July 19, 2006

Britain Braced for Record July Temperatures

LONDON -- Temperatures in Britain are expected to hit all-time record highs for July on Wednesday with an outside chance of beating the hottest-ever mark.

The continuing heatwave being fanned by warm air from the Continent is forecast to push thermometers above 37 degrees Centigrade (98.6 Fahrenheit) before a respite on Thursday.

That would mean beating the 36 C July record set in Epsom, Surrey in 1911.

"That looks pretty vulnerable at the moment," a Met Office spokesman said.

At Buckingham Palace, officials were laying on plenty of water for 8,000 guests at a garden party for military veterans after several guests at a similar palace event fainted on Tuesday.

"There is shade for them, all the marquees are used, there's lots of helpers on hand for any guests who may feel unwell," a Palace spokesman said.

On Tuesday, temperatures reached 33.2 at Heathrow Airport, well above the average July maximum of 21 as the intense sunshine melted roads and shut schools.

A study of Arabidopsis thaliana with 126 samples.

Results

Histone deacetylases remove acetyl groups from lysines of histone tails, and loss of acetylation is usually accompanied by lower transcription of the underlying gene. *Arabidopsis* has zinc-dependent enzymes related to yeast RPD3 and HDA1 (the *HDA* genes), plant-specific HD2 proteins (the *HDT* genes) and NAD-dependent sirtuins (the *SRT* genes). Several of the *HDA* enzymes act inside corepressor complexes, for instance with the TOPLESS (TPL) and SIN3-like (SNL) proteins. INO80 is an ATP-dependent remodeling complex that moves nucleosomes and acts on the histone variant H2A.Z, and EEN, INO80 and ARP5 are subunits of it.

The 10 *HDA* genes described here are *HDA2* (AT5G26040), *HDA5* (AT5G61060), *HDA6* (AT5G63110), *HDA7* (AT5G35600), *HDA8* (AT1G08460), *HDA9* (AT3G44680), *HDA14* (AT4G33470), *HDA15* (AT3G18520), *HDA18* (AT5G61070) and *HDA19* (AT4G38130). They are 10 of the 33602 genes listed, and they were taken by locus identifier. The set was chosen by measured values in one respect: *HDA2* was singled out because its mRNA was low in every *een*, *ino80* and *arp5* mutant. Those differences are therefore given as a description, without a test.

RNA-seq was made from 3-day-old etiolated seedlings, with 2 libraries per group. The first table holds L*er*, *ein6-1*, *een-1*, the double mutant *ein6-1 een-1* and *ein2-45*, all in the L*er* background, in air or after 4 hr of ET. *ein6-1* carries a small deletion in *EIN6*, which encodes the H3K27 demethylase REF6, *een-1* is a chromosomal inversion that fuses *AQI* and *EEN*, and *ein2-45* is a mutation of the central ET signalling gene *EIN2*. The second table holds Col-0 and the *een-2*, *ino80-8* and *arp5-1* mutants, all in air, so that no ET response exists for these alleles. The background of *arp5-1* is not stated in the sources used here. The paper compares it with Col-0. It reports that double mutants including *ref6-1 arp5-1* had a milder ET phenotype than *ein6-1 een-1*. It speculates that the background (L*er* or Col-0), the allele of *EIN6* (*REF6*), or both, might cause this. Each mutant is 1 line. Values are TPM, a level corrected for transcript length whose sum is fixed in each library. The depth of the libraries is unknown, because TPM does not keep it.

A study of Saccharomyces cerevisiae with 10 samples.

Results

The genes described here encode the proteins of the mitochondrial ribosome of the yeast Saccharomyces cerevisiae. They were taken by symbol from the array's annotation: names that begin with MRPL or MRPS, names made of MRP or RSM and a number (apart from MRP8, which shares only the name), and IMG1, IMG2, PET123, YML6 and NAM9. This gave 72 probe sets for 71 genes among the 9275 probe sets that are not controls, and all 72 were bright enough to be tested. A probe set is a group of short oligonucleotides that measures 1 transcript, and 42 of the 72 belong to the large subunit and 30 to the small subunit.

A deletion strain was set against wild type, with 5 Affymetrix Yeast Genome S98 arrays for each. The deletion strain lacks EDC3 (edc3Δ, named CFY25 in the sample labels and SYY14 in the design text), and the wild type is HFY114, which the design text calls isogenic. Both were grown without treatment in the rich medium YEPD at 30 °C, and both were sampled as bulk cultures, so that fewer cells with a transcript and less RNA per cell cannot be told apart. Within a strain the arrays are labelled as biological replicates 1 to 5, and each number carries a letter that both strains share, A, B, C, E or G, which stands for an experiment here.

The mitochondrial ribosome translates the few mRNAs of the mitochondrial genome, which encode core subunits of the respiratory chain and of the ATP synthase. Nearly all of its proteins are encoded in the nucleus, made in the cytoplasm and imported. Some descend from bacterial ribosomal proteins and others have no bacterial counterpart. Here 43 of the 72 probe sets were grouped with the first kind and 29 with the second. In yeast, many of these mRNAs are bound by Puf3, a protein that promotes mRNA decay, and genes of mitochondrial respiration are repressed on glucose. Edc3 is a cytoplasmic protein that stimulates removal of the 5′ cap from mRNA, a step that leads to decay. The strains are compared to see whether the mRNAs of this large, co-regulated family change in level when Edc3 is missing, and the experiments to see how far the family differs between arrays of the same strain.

The Met Office said areas of the southwest in Gloucestershire and Herefordshire were likely to be the hottest on Wednesday.

But the spokesman said he was not expecting the heat to rise above the all-time British high of 38.5 (101.30F) recorded at Faversham in Kent, on August 10, 2003. On Tuesday, the Met Office had put the chances of that happening at 30 percent.

Thursday will be cooler, but more humid, with temperatures in the high twenties and a scattering of thunderstorms spreading from the southwest.

The weather will remain warm over the weekend and into next week, the start of most school holidays.

The Met Office says its research shows a "significant human contribution" in the hot spells of recent years because of carbon dioxide emissions.

The government has issued a heatwave alert under a new system introduced after record hot weather in 2003 killed some 2,000 people in Britain.

The Department of Health is urging people to keep an eye on the elderly, young children and those with chronic disease.

People should drink plenty of water, stay out of the sun between 11 a.m. and 3 p.m. and wear loose-fitting clothes, the government said.